Number 5: A Sticky Situation

 

What better way to get out of taking finals than to keep students and teachers from getting to their respective tests.  As students of Independence High School in San Jose, California figured out, this can be accomplished quite simply with a bottle of super glue and some toothpicks. 

 

In 2006, a group of sneaky seniors took it upon themselves to glue all of the doors in their high school shut in the middle of exam week, thus delaying the start of their end-of-the-year tests.  The school had to use blow torches to open the doors and exams had to be pushed back a day because of the inaccessibility of the classrooms.  According to the local paper, the principal was not amused.

 

Number 4: Sale Away

 

Entire School For Sale” read the 27-square-foot red banner that graced the front of Cape Fear Academy in North Carolina.  Also printed on the sign—the school’s phone number.  Combined with the 20 smaller “for sale” signs placed strategically across the school’s campus, it was enough to trigger interest from a group of local real estate agents enquiring about either purchasing or helping to sell the school.  Of course, there was one problem, the school was certainly not for sale.  The next day administrators placed an ad in the local paper confirming as much.  No word on what the asking price was.

 

Number 3: Rats!

 

Though never officially confirmed, local legend has it that Eastview Middle School in White Plains was the setting for one of the most devious pranks ever to befall the halls of academia in Westchester.  Annoyed at an overbearing faculty, a group of middle school students decided to release rats throughout the school.  While this alone would normally be enough to fluster any school administrator, the devious group of pre-teens went one step further.  They spray-painted a number on each of the four vermin they let loose.  Except…they skipped the number three.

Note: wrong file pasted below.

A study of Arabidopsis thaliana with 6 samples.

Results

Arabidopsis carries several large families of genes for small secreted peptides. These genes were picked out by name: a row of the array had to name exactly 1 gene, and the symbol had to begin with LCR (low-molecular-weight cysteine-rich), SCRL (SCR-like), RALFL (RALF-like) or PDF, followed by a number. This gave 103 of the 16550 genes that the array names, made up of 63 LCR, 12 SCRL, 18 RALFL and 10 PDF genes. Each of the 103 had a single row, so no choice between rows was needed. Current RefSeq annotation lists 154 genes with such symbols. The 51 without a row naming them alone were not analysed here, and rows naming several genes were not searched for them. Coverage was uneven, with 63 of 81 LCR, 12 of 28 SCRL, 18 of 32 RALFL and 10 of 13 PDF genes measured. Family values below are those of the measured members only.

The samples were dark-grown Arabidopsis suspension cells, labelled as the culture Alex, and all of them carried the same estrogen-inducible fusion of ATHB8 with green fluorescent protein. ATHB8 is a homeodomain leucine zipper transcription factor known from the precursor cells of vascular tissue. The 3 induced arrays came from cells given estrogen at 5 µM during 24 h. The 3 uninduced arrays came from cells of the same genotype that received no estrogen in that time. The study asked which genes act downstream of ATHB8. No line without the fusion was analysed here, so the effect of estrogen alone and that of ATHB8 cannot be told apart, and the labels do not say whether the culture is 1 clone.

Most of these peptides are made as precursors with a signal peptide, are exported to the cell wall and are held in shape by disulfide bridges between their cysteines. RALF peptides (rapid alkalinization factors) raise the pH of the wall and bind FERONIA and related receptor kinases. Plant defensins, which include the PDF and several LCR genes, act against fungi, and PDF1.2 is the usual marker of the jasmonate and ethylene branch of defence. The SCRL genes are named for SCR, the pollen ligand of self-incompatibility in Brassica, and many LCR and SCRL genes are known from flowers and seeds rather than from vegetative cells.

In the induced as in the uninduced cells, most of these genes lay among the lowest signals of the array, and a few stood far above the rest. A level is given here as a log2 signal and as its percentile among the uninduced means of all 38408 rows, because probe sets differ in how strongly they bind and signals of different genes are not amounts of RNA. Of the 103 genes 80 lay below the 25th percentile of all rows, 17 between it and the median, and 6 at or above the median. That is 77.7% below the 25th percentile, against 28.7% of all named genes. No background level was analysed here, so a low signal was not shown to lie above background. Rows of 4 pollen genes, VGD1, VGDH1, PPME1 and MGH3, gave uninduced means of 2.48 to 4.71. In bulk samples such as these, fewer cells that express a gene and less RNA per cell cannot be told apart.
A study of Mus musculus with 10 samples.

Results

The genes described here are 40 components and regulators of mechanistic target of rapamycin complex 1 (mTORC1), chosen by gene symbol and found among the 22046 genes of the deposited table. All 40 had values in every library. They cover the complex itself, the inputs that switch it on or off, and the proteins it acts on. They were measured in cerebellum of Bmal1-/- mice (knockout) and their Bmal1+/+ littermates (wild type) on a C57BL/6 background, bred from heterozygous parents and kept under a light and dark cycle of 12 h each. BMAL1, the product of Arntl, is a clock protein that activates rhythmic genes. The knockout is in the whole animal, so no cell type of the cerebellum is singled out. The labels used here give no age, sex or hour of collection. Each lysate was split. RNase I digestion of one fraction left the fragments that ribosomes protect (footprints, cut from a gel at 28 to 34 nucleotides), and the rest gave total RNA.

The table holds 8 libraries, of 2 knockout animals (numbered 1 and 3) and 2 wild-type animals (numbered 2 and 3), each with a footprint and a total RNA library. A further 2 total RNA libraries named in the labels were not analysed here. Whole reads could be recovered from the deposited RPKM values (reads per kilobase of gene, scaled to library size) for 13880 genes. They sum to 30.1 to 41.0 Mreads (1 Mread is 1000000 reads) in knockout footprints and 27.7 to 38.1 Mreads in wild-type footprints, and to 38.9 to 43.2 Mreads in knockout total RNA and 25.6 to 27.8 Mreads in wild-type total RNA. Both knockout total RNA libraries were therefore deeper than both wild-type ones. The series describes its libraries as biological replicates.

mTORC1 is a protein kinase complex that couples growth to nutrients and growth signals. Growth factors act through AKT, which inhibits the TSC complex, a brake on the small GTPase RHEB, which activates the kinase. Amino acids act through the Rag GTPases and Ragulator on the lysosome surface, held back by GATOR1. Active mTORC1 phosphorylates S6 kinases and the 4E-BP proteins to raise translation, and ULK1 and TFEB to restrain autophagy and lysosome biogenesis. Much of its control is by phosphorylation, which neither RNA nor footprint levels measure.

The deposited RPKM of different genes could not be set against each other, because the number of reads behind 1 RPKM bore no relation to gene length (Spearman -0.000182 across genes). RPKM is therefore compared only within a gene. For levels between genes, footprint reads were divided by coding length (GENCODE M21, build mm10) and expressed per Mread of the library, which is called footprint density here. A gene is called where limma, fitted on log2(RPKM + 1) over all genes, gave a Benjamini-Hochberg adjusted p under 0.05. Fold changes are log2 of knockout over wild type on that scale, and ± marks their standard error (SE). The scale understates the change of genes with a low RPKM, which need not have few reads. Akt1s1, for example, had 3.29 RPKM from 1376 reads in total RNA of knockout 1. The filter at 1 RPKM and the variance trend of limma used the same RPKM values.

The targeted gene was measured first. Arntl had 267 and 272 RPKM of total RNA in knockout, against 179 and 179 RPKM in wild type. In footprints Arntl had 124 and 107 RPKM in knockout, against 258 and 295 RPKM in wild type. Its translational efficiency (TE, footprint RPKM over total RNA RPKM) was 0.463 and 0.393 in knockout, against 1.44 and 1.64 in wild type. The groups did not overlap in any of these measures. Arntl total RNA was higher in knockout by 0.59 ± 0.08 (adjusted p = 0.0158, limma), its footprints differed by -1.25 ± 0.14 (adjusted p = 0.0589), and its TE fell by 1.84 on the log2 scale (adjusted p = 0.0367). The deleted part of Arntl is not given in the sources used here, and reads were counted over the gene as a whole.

Rats one, two, four, and, five were quickly captured.  After weeks of fruitless searching, the disgruntled custodians finally learned that rat #3 never actually existed.  It is unknown if the offending students were ever caught.  What is clear though is that they had a good seven days of laughs at the school’s expense.

 

Number 2: Washington “Flips” Out.

 

What was supposed to be a glorious show of support (televised throughout the nation) for one of the best college football teams in the country turned into a comic endorsement of a rival school.

 

For the 1961 Rose Bowl, the cheerleaders for the University of Washington Huskies had spent weeks planning an elaborate flip-card show.  The plan was to have the team’s adoring fans hold up cards spelling out “Go Huskies” and other supportive phrases throughout the game.  When the cheering masses held up their cards to display the 12th image, something went seriously wrong.  Instead of reading “Huskies” the cards spelled out “seiksuH.”  Confusion reigned.  The crowed collectively wondered how such a perfect mistake could have been made.  The answer would follow as the 13th flip-card image revealed who was behind the insidious prank.  As the cards turned, a nation-wide audience found themselves staring at thousands of Washington Huskie fans holding up white pieces of cardboard spelling out “CALTECH.”  Though it took weeks of planning, 14 students from the California Institute of Technology had just pulled off one of the greatest school pranks of all time.

 

 

Number 1: A Prank for the Birds

 

Pavlov would be proud.  Rumor has it that a Massachussets Institute of Technology student spent a summer dressed in a referee’s uniform spreading bird seed across the Harvard University football field.  Every day, after sprinkling the avian food across the grass, the sinister student would blow a whistle.  As weeks passed, the birds learned to swarm whenever a man in a striped suit summoned them.  The referees at Harvard’s first home game, however, were unaware of this.  As they blew their whistles to signal the start of the game, flocks of pigeons arrived on the scene.  A half and hour later, the grounds crew was still shooing away the hungry flying pests.